The American Association on National Advertisers (ANA) and Advertising Agencies (4As) are convening a task force of senior marketing and agency executives to find out if the big media agencies and their owners are ripping off clients over rebates from media owners.
Or, as ANA CEO Bob Liodice (left) puts it, rather more politely: “We are genuinely pleased that the leaders of our industry recognize that transparency concerns, real and perceived, need to be addressed and mitigated. Media transactions have become increasingly complex and our priorities must include recommended practices that enhance the understanding of the transaction processes.”
The group consists of representatives from L’Oreal, Unilever and Procter & Gamble, the latter represented by brand boss Marc Pritchard who’s currently trying to find another $500m in savings on agency fees. From the agency side Omnicom, Publicis Groupe and WPP will be represented.
Should be interesting as the group is investigating things that pretty well all of them have said publicly aren’t going on at all. The bosses of all the holding companies denied anything untoward when delivering their Q1 numbers last week. The advertisers’ official line at least has been that they receive their dues from their agencies.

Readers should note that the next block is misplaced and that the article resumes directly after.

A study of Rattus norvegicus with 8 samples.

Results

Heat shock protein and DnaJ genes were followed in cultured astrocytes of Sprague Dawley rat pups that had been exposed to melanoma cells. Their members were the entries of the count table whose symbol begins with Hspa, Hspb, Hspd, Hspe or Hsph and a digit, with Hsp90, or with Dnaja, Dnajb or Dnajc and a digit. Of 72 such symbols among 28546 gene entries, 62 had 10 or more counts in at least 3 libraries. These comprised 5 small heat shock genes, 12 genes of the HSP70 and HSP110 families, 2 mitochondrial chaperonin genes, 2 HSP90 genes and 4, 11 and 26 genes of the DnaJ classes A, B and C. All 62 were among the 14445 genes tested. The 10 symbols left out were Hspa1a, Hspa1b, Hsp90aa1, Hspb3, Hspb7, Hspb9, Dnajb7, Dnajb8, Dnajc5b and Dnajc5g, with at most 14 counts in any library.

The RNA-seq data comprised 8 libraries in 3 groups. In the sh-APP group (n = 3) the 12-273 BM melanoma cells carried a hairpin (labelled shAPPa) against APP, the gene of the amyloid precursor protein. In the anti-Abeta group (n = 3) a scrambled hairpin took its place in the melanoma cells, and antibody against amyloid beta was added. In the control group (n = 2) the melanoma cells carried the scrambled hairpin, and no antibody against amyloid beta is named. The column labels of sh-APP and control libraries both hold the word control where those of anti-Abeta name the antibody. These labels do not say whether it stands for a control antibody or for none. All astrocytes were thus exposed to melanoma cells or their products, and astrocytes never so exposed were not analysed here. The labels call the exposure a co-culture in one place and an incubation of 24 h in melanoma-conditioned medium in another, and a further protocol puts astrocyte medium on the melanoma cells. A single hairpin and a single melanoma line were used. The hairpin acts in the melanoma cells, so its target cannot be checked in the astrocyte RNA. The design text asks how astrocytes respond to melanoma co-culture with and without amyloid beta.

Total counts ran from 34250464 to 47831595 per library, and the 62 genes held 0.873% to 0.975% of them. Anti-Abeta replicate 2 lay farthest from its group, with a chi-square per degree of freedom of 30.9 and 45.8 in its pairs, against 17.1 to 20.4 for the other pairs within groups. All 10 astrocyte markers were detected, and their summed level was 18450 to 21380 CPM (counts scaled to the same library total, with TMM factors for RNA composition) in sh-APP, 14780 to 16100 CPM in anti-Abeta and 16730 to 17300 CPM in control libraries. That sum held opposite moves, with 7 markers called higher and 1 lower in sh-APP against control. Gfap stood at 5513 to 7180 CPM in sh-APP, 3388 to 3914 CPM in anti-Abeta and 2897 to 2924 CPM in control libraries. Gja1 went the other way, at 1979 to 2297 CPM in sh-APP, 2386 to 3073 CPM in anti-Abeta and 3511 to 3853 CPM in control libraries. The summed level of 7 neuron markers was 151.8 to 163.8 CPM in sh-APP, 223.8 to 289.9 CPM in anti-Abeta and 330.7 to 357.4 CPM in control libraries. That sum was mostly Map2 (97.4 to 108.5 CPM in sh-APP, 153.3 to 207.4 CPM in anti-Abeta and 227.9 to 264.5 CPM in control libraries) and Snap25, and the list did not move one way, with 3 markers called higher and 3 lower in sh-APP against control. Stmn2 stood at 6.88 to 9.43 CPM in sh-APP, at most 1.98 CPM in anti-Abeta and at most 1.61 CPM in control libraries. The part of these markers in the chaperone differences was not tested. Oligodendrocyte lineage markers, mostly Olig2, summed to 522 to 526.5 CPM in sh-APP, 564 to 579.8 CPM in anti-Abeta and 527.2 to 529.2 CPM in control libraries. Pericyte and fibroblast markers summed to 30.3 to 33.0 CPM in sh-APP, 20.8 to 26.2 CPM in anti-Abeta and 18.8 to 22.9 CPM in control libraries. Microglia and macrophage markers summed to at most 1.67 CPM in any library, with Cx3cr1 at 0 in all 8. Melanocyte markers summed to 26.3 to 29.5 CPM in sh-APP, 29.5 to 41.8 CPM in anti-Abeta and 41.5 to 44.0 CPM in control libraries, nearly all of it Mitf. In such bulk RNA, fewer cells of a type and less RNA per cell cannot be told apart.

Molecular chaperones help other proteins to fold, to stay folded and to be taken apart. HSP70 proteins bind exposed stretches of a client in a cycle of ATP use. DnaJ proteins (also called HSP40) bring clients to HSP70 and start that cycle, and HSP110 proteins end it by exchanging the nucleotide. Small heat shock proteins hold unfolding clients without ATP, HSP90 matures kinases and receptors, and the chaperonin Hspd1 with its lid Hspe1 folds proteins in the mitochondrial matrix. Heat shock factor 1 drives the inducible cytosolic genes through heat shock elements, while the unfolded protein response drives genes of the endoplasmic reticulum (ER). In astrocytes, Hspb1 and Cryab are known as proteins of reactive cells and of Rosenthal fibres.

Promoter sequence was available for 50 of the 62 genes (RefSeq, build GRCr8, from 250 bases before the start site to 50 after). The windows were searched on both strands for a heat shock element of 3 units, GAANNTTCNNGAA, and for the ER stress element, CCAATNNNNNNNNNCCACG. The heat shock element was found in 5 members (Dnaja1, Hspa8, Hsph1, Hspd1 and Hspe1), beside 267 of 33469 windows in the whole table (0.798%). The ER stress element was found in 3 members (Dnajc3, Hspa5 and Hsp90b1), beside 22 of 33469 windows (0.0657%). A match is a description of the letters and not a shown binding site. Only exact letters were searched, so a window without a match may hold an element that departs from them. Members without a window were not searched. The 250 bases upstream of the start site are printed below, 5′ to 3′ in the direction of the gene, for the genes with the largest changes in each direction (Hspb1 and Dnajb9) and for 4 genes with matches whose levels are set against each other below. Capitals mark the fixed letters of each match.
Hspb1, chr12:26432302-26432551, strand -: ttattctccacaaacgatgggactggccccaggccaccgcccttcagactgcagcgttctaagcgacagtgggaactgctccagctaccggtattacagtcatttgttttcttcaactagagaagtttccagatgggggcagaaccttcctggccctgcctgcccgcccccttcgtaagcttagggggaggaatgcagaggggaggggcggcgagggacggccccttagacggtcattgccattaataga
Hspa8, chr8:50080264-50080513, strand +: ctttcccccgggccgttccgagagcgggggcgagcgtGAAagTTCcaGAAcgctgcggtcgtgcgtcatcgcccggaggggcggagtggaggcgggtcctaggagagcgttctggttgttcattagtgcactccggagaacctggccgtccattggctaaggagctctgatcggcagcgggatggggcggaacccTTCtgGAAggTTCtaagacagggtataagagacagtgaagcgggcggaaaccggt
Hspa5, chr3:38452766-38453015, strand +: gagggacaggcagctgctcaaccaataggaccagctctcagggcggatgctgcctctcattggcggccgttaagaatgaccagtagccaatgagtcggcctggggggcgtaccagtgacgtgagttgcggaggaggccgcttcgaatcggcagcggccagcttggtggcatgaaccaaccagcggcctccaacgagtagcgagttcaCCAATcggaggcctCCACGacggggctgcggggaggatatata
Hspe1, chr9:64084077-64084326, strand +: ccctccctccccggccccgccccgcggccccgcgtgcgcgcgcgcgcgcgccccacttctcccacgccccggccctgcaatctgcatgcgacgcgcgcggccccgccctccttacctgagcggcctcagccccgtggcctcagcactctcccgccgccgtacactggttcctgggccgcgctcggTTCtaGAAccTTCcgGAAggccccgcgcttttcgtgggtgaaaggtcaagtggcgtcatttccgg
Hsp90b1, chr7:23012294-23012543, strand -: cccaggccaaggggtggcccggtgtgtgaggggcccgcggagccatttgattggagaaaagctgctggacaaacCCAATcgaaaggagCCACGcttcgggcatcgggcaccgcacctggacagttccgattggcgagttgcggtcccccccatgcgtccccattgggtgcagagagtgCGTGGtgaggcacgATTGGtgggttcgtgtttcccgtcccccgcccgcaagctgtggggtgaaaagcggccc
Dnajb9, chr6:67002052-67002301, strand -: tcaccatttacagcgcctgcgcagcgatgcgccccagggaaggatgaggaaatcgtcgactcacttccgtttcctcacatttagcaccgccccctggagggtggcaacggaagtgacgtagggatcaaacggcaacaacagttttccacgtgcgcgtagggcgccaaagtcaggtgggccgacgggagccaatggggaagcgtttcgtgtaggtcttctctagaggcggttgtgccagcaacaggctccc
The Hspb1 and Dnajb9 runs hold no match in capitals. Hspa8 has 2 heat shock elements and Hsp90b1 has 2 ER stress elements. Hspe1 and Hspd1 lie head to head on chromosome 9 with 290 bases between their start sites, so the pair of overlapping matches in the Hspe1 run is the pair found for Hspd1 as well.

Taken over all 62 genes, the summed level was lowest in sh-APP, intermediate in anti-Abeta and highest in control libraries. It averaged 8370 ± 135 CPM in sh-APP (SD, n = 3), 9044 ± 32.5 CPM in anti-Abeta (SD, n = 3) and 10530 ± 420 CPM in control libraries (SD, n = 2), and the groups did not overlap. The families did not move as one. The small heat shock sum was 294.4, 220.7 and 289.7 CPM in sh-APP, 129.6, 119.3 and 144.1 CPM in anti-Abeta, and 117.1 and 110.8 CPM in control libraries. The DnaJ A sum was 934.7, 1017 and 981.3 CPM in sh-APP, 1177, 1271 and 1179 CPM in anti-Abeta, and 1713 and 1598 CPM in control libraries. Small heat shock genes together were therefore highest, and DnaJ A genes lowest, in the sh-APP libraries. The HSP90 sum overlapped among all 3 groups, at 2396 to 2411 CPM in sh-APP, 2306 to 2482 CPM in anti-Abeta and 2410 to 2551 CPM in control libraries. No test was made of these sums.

The issue bubbled up in the Us when former MediaCom boss Jon Mandel told an ANA meeting recently that agencies were trousering rebates – either in cash or kind – rather than passing them back to clients. The pressure was compounded by Pivotal Research senior analyst Brian Wieser when he advised clients to sell holding company shares because clients were likely to take a harder line.
On the face of it, this seems a pretty easy issue to resolve. Either Mandel is right or wrong. But the devil, as usual, is in the detail; in this case the fine print of the contracts between the marcoms companies, their media agencies and clients.
At the very least the issue will tempt many big advertisers to tear up these contracts – by reviewing their business – and start again. Unilever is currently reviewing its global media anyway while L’Oreal is reviewing in the US. Pritchard and P&G will surely follow.
The holding companies are worried, as WPP’s Sir Martin Sorrell has admitted. “We are the only group that have made any public statement,” he says. “We said what the model is in the US, the way it’s a non-rebate model. We’ve made that quite clear. I would urge greater transparency in what’s happening to net sales and revenues, then we would have less black box and more open box. I think this is really very important. As an industry we have to get this right.”